Baby monitors killing urban Wi-Fi

Rogue wireless devices are dragging down Wi-Fi performance in urban areas, according to Ofcom report

Barry Collins
11 May 2009

Baby monitors and wireless TV transmitters are responsible for slowing down Wi-Fi connections in built-up areas, according to an Ofcom-commissioned report.

The regulator commissioned the report to evaluate the effectiveness of the unlicensed 2.4GHz band that Wi-Fi operates over.

The report smashes the myth that huge congestion on overlapping Wi-Fi networks is responsible for the poor performance of Wi-Fi in urban areas. Instead, it points the finger of blame at the raft of unlicensed equipment operating on the 2.4GHz band.

"There is a view that some domestic users generate excessive amounts of Wi-Fi traffic, denying access to other users," claims the report from wireless specialists, Mass Consutling. "Our research suggests that this is not the case, rather the affected parties are almost certainly seeing interference from non-Wi-Fi devices such as microwave ovens, Audio Video senders, security cameras or baby monitors."

"The greatest concentration of different radio types tends to occur in urban centres, so interference tends to increase with population density.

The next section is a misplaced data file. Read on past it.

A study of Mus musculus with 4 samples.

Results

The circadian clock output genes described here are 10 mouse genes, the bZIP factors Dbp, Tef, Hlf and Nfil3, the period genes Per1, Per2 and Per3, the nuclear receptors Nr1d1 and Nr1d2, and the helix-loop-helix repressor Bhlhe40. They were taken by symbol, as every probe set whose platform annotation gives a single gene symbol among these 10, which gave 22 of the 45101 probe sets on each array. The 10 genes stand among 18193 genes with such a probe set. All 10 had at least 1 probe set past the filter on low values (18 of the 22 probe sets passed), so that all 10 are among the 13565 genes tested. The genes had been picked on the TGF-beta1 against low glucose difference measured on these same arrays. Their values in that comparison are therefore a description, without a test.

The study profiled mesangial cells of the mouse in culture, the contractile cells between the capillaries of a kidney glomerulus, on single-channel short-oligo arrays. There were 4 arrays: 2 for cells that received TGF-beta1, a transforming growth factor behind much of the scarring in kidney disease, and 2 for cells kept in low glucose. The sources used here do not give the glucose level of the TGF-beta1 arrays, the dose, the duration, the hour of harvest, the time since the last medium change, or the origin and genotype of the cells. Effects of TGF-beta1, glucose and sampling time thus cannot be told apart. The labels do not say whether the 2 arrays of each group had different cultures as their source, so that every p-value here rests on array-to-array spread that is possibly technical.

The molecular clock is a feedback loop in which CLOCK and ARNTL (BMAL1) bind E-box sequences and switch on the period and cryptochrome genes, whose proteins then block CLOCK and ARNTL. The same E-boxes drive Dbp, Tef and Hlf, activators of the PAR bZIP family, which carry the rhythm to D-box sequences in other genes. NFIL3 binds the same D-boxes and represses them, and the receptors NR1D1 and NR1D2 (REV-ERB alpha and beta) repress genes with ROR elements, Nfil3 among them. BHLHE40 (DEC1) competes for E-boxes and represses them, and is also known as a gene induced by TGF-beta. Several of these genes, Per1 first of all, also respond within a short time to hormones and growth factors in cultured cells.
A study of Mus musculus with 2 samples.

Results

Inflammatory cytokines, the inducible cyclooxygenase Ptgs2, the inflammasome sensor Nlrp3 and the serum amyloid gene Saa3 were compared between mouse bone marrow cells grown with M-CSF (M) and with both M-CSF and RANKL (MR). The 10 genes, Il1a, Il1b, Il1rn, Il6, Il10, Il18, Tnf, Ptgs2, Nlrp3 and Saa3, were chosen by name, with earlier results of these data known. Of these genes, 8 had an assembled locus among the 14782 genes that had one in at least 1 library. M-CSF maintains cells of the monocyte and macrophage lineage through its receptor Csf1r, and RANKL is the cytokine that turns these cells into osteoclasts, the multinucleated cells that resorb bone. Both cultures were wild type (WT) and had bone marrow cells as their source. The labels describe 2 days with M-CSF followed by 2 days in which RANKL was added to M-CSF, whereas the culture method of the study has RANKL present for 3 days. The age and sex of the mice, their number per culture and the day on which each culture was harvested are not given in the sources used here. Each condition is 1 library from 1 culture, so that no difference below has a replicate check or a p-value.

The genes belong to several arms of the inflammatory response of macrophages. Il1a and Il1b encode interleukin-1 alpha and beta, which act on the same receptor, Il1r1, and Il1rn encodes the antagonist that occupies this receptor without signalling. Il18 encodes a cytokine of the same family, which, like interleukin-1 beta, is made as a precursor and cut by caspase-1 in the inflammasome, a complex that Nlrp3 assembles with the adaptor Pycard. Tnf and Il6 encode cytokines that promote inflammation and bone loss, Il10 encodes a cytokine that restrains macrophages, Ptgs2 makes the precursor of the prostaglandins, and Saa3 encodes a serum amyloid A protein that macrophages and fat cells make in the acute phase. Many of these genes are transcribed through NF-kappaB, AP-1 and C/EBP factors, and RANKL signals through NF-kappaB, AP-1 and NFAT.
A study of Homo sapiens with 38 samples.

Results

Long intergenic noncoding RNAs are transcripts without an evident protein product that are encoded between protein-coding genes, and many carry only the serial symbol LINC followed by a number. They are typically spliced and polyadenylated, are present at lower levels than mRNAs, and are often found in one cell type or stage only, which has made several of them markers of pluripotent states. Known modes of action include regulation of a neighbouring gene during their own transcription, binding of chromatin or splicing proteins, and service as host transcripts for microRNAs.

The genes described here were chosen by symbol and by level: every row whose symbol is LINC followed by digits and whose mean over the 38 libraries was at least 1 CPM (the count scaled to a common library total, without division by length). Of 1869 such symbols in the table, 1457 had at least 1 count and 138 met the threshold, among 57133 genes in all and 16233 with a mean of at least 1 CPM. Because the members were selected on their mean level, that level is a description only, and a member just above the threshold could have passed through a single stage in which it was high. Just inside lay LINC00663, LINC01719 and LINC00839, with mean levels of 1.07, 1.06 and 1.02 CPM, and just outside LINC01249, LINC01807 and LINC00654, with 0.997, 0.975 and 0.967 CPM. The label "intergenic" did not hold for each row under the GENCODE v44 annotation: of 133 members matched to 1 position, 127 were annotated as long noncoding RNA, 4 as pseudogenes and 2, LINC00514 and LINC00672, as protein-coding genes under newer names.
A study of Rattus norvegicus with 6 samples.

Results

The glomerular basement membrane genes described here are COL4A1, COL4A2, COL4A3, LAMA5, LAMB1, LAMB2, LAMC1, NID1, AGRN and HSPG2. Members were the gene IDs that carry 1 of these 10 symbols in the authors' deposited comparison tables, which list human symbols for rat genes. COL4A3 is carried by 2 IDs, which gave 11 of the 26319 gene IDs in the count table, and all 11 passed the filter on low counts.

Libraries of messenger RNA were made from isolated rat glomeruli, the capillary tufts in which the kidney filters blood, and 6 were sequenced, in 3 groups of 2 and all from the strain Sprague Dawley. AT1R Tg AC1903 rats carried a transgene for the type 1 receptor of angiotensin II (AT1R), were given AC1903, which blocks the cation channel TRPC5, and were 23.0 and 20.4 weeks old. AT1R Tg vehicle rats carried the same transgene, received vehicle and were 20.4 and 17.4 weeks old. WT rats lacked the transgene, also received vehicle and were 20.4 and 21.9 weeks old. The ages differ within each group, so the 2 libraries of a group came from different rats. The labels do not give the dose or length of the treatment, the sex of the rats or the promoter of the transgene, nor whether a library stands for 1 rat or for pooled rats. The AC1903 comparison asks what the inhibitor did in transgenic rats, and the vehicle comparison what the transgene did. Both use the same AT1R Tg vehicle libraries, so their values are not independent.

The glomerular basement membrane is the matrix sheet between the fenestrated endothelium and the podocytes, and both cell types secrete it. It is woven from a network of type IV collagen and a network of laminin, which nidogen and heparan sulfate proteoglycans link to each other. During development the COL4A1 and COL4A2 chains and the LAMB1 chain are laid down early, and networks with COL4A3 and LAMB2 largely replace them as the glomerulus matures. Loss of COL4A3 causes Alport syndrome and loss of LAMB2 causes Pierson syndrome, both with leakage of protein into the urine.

"However, interference also occurs in low population density areas. It only requires a single device, such as an analogue video sender, to severely affect Wi-Fi services within a short range, such that a single large building or cluster of houses can experience difficulties with using a single Wi-Fi channel."

The report claims that some regulation of devices in the 2.4GHz band will be necessary to prevent the problem getting worse.

"These interference problems are the indirect result of light regulation in the 2.4 GHz band," it states.

"A plethora of radio types, which are not all designed via standardisation processes, means that peaceful co-existence does not arise organically. Co-existence must be enforced by some means if LE bands are to be shared effectively."

Mass Consulting suggests implementing a certification scheme for any equipment operating in the band. "The baby monitor market is one example where this approach has already arisen through market forces, with 'Wi-Fi-friendly' appearing on the datasheets for the new generation of digital video monitors.

"A '2.4 GHz friendly' logo would tap into such market pressures and lead to improved co-existence of all types of radio in this band."